How Austria has tightened laws to prevent political corruption

File Photo: A media corruption scandal felled Austria's 35-year-old right-wing Chancellor Sebastian Kurz gave fresh urgency to calls for reform of what critics say are unhealthy links between politicians and the press. (Photo by JOE KLAMAR / AFP)

Austria on Friday tightened its anti-corruption law after a string of scandals that brought down top politicians, including former chancellor Sebastian Kurz.


The legislative changes approved by parliament mean it will be punishable to "buy a mandate", meaning anyone who accepts or solicits a bribe and then successfully runs for office will face jail time.

Kurz -- a 36-year-old long hailed as the "wunderkind" of Europe's conservatives -- resigned in 2021 amid a series of accusations in the
aftermath of the "Ibizagate" scandal that engulfed the far-right Freedom Party (FPOe).

After dropping to 16 percent in elections following the 2019 scandal, Kurz's former far-right coalition partner has regained popularity and
currently tops polls.

With the legal changes that take effect from September, Austria is seeking to close a loophole, allowing the prosecution of corruption committed before
someone takes office.

"This will put an effective stop to corruption in the future," the government said in a statement about the new law, which also imposes higher
penalties for graft-related offenses.

"Ibizagate" broke when a secretly filmed video showed then far-right leader and vice chancellor Heinz Christian Strache offering public contracts to a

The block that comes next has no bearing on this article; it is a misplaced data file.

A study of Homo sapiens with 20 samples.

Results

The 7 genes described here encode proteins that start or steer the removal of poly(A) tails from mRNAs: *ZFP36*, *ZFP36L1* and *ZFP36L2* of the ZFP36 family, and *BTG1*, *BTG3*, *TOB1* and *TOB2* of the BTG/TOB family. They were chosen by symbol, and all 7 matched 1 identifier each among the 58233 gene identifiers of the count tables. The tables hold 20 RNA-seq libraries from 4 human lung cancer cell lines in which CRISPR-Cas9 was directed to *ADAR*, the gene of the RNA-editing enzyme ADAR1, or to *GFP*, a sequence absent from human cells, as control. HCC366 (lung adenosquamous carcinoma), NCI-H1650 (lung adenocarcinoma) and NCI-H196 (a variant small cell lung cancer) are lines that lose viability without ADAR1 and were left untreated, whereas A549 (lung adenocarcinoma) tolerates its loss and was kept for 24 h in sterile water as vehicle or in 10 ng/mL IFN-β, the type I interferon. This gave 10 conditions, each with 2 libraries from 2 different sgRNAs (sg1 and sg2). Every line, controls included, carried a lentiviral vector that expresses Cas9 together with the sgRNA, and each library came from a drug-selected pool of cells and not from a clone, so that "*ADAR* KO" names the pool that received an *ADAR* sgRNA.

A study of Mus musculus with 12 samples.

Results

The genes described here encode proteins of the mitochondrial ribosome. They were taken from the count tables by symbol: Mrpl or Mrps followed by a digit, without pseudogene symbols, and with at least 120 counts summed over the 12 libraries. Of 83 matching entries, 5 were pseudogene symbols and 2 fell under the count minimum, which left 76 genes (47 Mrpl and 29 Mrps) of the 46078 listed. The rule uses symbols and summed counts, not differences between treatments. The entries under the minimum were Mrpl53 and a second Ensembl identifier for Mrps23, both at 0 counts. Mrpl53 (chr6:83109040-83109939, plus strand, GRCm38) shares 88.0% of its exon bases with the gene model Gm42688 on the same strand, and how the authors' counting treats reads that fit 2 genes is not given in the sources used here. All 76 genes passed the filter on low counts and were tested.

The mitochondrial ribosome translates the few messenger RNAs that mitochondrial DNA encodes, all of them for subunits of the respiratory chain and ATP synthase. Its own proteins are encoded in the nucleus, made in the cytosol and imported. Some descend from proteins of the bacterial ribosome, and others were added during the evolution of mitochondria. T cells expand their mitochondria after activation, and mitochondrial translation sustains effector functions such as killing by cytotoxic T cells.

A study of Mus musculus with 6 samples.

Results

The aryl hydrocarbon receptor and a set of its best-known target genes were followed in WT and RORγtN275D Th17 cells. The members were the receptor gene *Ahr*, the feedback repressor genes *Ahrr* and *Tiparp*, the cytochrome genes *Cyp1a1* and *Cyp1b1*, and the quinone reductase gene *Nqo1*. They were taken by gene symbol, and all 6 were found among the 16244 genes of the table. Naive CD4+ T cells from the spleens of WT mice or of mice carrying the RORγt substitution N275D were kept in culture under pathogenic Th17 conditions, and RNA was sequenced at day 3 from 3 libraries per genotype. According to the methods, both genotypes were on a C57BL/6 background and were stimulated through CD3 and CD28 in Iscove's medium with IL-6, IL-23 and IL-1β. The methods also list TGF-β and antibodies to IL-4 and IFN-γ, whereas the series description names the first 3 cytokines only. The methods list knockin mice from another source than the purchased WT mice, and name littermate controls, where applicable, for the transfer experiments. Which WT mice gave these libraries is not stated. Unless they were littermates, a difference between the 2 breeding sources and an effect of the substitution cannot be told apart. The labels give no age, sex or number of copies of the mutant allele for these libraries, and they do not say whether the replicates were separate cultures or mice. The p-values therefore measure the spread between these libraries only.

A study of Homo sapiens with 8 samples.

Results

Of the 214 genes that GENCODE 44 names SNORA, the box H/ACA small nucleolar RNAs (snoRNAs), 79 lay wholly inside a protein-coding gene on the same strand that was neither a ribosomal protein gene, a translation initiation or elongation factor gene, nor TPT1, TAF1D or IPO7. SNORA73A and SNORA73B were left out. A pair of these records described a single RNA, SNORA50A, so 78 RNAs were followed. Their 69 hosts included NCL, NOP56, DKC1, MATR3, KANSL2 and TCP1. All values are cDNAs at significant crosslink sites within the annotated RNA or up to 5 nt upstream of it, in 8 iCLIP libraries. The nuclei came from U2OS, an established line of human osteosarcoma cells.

woman he thought was a Russian oligarch's niece in exchange for party campaign support.

The video was recorded in 2017 on the Spanish resort island of Ibiza, just before Strache's FPOe came to power as junior partner in a Kurz-led government.

Following the video's publication, Strache resigned from all posts, and the government collapsed.


Charged with several corruption offenses that came to light in inquiries sparked by "Ibizagate," Strache has been acquitted.

Kurz -- under investigation on suspicion of corruption and giving false testimony -- also maintains his innocence and has not been charged to date.

Critics have slammed the legislative changes as not going far enough.

Transparency International said it welcomed that "there was finally some movement" but the reform fell far short of expectations.

It is still possible to donate to an organisation close to an office bearer in return for favours, the organisation said.